Following the tragic death of three children on Monday after a wall in an abandoned warehouse building in which they were living collapsed on them, Johannesburg Mayor Herman Mashaba has said the expropriation of abandoned buildings and those whose owners cannot be identified would help avert such incidents.
Speaking on PowerFM this morning, Mashaba sent condolences to the families of the three children.
He said the increase in the hijacking of buildings and businesses was a contributing factor to such incidents.
He said the building where the children died had been abandoned and people had built shacks inside.
Last year, Mashaba led a contingent of police that raided abandoned and hijacked buildings in the city centre, with much of the activity happening on Davis Street. At the time, the mayor reported 85 buildings had been hijacked, but that number has ballooned to 265 buildings to date.
However, Mashaba said the city was making progress with regards to effectively dealing with the issue of hijacked buildings.
“Unfortunately, we work in a highly political environment where sometimes there are people who are beneficiaries of this chaos, so they do everything possible to delay our implementation of the plan,” he said.
He said the plan entails ridding the city of criminal elements and the intent to expropriate buildings whose owners could not be identified and located.
Once expropriated, Mashaba said the buildings would be offered to the private sector for development, adding that late last year, 13 buildings were part of such a deal, with the city awaiting proposals outlining how much the private developers would be willing to invest in the buildings.
Affordable accommodation and student accommodation would be one of the key developments, Mashaba said, as well as creating employment opportunities.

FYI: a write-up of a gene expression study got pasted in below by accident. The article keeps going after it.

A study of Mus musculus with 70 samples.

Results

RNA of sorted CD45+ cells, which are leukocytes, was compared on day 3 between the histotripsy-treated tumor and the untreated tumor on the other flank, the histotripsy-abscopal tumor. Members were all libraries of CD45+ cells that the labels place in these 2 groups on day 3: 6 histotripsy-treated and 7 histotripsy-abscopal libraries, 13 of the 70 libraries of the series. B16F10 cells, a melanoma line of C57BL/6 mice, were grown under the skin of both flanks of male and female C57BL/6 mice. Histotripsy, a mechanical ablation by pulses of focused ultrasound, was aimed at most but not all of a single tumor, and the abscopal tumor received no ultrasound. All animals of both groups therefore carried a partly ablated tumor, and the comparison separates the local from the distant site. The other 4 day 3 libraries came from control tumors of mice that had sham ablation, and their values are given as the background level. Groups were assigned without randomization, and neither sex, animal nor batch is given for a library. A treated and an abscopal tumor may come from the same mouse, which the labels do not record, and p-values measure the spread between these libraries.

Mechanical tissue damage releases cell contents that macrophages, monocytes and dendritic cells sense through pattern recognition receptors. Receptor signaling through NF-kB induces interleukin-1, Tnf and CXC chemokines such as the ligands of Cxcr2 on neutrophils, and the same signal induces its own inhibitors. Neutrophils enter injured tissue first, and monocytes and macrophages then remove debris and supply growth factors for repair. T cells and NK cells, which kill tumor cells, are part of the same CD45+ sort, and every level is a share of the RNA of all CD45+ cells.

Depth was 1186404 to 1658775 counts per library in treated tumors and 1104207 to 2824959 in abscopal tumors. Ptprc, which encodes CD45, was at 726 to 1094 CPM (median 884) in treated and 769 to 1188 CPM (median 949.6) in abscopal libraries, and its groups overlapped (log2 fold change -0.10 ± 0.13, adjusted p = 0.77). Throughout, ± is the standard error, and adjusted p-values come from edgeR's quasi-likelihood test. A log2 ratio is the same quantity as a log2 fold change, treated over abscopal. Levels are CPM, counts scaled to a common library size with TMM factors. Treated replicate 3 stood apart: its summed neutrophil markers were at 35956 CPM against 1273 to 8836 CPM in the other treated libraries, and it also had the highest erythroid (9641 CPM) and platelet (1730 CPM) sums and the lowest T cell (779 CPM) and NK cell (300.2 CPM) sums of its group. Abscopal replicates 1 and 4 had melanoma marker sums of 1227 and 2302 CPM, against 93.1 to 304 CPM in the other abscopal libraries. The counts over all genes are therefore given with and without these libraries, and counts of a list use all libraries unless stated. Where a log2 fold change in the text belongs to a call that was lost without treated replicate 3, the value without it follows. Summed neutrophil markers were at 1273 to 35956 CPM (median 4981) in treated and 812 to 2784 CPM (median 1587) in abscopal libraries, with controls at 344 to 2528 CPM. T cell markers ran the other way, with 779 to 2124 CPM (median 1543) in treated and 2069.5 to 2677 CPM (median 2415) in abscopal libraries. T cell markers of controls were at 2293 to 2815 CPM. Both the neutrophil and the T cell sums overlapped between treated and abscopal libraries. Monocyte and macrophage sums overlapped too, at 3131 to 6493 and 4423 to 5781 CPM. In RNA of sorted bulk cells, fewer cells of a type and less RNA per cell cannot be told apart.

“What is important for us as the government is controlling the prices they are going to charge because we are focusing on affordable accommodation,” he said.
Mashaba said at the next council meeting he would make a presentation on 68 buildings that council needed to approve so they could also be offered to private developers.
The mayor plans to expropriate a further 146 buildings that will be handed over to private owners for development if the proposals submitted by those developers is approved.
He said the owner of the building whose wall collapsed on the three children on Monday was unknown at this stage, but the mayor said he had requested the city’s group forensic investigators who would work closely with the metropolitan’s housing department to urgently look into the matter.
The mayor said the forensic investigators and the housing department had raided the building last year and made arrangements that the occupants were evacuated for their safety’s sake, but a human rights lawyer objected to the evacuation, which saw the matter end up in court.
“You’ve got people who have a personal interest in this, including so-called human rights lawyers, because for them it is business to be seen to be protecting our people living in this type of very deplorable living conditions,” Mashaba said.
He said two months ago he wrote to the minister of public works urging that the expropriation of such buildings be fast-tracked and to give consent that expropriated buildings should belong to the City of Johannesburg instead of the national government. He said he had not received a response yet, which prompted him to write a follow-up letter yesterday morning.
He said the matter was pressing for the City, which has a 300 000 housing backlog, with some of its residents living in deplorable areas, and the matter was made more urgent by criminal syndicates that turned abandoned or hijacked buildings into drug dens or brothels.
Mashaba said the City was in the middle of expropriating some of these buildings, with three buildings earmarked, and that should public works give the permission he had requested, by the end of the next three weeks, these three would have been expropriated.